Sleep Breathing Disorders, like mouth breathing, can be very bad for your child’s health. A healthy way to breathe is always breathing in and out through the nose while keeping your mouth closed. Our nose is made to warm the air and filter it to get rid of any dust or dirt. If the nose isn’t working right, the balance between the nose and the mouth is thrown off. Children who breathe through their mouths are in a lot more trouble than we used to think.
How Do You Know Your Child Is Mouth Breathing?
Have you ever seen your child breathe with their mouth open? It could happen while you eat, sleep, or watch TV. It’s common to think that your child will outgrow this habit, but it’s important for parents to look for signs of mouth breathing in their children because they may not be able to explain their symptoms like adults. Here are a few signs of mouth breathing in your child:
1. Dry Mouth And Lips
People who breathe through their mouths always have dry mouths and cracked lips. If you wake up to drink water, that’s a sign. It also makes you more likely to get cavities and gum disease.
2. Bad Breath
Bad breath is more likely to happen when your mouth is dry.
3. Asthma And Allergic Cold
When we breathe through our mouths instead of our noses, which act as a natural air filter, we are more likely to get allergies and colds. Mouth breathing also decreases the amount of oxygen in the air and how well the lungs work, which makes asthma worse.
4. Changes To The Jaw And Teeth
When your mouth is open, your tongue is facing forward and down. This puts constant pressure on the jaws, which changes how the teeth line up and how the jaws grow. The palate also gets narrow and quite high, which makes a face look long and thin with small chins that go back. They always smile with their gums showing.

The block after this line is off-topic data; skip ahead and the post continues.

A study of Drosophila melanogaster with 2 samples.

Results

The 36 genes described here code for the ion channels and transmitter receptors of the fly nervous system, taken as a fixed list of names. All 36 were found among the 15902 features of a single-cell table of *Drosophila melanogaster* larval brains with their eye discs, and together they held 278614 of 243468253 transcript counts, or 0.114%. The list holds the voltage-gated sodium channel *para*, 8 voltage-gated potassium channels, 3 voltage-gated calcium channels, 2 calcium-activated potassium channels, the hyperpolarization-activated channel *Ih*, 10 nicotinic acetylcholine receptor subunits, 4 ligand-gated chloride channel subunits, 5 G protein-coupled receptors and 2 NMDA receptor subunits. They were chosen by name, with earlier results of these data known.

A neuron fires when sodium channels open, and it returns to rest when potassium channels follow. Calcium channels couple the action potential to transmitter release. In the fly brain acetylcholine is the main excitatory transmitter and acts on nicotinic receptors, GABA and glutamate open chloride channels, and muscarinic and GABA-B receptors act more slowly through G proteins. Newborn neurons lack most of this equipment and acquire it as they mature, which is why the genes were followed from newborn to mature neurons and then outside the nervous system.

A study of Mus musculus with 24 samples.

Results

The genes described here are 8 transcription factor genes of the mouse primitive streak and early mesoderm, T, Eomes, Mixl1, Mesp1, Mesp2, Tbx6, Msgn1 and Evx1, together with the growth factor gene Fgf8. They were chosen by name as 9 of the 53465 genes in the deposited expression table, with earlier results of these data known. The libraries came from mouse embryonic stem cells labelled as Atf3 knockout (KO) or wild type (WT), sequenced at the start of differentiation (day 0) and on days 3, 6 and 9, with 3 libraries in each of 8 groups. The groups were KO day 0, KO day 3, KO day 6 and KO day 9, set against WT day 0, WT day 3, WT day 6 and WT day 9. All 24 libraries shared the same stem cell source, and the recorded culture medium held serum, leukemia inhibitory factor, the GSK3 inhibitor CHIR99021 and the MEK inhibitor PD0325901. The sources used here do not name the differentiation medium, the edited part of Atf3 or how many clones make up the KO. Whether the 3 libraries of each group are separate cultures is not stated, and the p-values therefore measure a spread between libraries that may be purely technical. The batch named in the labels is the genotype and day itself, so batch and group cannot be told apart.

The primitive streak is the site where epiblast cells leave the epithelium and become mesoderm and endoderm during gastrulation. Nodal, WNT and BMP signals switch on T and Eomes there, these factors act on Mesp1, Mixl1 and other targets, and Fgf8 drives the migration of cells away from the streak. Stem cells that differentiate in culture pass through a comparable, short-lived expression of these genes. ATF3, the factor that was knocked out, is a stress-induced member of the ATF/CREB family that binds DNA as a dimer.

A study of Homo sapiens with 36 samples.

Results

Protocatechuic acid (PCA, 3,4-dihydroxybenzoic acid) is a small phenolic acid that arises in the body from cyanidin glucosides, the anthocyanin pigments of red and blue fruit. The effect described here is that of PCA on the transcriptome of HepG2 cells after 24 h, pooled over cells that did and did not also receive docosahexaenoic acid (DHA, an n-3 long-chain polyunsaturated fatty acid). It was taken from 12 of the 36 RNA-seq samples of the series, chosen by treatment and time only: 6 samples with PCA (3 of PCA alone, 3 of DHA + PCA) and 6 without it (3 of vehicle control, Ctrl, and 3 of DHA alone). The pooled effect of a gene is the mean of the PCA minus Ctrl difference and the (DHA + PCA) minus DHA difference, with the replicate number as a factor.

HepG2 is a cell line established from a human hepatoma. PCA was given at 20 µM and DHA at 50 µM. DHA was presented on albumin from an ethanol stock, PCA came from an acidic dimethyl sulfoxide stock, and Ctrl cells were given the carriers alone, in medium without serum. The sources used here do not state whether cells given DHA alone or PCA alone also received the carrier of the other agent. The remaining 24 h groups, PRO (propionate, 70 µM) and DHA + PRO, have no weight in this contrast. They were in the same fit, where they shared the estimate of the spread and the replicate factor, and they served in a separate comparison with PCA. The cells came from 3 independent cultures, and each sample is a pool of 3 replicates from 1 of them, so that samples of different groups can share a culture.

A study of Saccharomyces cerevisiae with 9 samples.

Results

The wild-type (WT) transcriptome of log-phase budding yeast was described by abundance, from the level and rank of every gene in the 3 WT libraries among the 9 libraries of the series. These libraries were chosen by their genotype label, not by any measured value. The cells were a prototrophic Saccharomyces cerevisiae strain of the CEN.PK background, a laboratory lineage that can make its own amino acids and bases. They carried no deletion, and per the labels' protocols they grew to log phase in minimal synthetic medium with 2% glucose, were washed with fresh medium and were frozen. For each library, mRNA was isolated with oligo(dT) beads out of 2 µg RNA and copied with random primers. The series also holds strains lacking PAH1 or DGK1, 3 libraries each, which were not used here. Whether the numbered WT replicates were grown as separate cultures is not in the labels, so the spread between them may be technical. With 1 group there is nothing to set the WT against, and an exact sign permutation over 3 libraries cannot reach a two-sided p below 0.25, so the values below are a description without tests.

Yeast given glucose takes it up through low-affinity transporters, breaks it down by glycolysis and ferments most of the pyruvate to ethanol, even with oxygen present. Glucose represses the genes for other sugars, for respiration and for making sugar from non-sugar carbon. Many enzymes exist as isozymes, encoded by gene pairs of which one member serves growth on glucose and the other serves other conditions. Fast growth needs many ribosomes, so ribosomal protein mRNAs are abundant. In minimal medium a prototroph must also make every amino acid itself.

5. Incorrect Swallowing
When this happens, the tongue moves forward to help the person breathe better. This is called an abnormal “tongue thrust swallow.” People who have a tongue thrust may also have trouble with their speech. The lip muscles may also get weaker and shorter if you keep your mouth open for a long time. You can visit a nearby dental clinic for the best mouth-breathing-related treatment.
There are five subtle signs that your child may be mouth breathing. Changes in how the face looks: You may notice that your child’s jaw gets longer and narrower because they can’t breathe well. When looking at their profile, mouth breathers may have a narrower, longer face with a lower jaw that sticks out.
Some of the most common reasons babies and kids breathe through their mouths are allergies, enlarged adenoids, tonsils, and birth defects like choanal atresia, cleft palate, or Pierre Robin syndrome.
If the air is dry, you should use a humidifier that produces a cool mist. Use saline nose drops to moisturize the nasal passages. Have your kid join you in the bathroom while the hot shower is running, and encourage them to inhale the steam.
Dentists are often the first medical professionals to recognize the symptoms of mouth breathing, including anything from tooth decay and gum infections to enlarged tonsils. Not only can we treat the uncomfortable and sometimes painful symptoms that come with mouth breathing, but we can also work with you to address the problem itself!